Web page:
A Modest Proposal

Possibly the most famous example of satire is Jonathan Swift’s “A Modest Proposal.” Published in 1729 to address hunger in England-ruled Ireland, Swift’s essay screams for change. First, read about Swift. (http://knarf.english.upenn.edu/People/swift.html) Then, open and print a copy of
“A Modest Proposal.” (http://www.gutenberg.org/files/1080/1080-h/1080-h.htm)

Your Assignment

After reading Swift’s essay, please answer the following questions:

  2. Discuss the tone of the piece. Pull examples from the text to support your discussion.
  3. As you know, effective argumentation appeals to logic (logos), ethics (ethos), and emotions (pathos). Please discuss how Swift uses all three appeals and how these tools impact his purpose.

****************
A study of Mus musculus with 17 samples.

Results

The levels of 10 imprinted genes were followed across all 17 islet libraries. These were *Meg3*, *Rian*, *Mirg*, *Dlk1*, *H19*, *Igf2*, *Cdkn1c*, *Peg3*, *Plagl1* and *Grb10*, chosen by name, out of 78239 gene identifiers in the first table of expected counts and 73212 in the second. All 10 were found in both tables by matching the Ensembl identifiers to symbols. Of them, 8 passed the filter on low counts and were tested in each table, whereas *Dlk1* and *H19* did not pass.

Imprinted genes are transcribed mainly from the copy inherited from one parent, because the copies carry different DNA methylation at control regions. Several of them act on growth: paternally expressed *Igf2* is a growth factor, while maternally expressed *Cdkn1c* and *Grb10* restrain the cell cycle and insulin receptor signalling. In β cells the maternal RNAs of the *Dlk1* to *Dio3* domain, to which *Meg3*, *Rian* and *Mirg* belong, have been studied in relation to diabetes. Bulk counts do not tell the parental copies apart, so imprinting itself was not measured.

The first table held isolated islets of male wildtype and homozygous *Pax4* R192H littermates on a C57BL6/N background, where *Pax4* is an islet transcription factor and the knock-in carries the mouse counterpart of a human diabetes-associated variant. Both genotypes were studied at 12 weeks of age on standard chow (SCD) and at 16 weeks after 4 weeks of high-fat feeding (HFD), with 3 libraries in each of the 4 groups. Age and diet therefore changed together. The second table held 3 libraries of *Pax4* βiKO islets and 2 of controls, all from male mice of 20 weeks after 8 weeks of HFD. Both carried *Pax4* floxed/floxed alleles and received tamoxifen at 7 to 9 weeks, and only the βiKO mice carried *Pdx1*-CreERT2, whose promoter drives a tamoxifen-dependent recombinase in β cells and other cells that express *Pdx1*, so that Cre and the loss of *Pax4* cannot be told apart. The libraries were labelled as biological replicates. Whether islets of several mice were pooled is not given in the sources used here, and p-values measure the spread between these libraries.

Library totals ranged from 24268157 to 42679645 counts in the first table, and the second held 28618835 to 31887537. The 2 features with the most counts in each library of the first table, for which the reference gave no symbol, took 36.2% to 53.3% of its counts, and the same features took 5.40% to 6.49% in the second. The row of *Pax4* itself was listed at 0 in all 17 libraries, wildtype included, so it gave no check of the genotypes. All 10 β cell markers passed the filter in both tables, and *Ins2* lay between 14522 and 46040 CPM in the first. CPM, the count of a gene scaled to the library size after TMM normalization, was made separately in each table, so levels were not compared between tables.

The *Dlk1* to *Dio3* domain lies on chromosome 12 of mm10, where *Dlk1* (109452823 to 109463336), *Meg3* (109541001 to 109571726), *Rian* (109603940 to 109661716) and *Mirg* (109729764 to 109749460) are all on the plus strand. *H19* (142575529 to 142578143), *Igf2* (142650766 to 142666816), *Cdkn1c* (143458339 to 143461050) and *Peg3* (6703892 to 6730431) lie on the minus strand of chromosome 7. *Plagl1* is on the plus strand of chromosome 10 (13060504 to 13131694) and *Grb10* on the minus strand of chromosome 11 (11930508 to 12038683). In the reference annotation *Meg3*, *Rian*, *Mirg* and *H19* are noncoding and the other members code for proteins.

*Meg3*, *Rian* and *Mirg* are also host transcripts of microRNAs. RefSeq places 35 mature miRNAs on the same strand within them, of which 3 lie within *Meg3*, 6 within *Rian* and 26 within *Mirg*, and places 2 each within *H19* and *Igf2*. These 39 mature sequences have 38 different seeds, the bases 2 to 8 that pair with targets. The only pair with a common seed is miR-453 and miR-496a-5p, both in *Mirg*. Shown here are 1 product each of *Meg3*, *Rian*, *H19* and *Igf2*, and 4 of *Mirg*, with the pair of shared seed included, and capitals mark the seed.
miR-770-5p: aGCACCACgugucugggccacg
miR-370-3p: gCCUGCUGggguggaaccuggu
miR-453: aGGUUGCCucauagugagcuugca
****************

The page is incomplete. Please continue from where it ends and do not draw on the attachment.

4. Explain the irony in Swift’s title, “A Modest Proposal.”
  5. Where does this essay fit on the continuum (Horatian to Juvenalian)? Explain and support your position.
  6. Why is “A Modest Proposal” an effective satire? What techniques does Swift use effectively? Support your answers with examples from the text.
  7. Swift enumerates six reasons why his proposal will work. Discuss how these paragraphs impact his purpose.
  8. Toward the end of the essay, locate the paragraph that begins “I can think of no one objection that will possibly be raised…” How is this paragraph different from the rest of Swift’s essay?
  9. Re-read the final paragraph. How does this paragraph contribute to Swift’s purpose?
  10. When “A Modest Proposal” was originally published, some readers were outraged by Swift’s proposal. At what point is it clear to you that “A Modest Proposal” is a satire?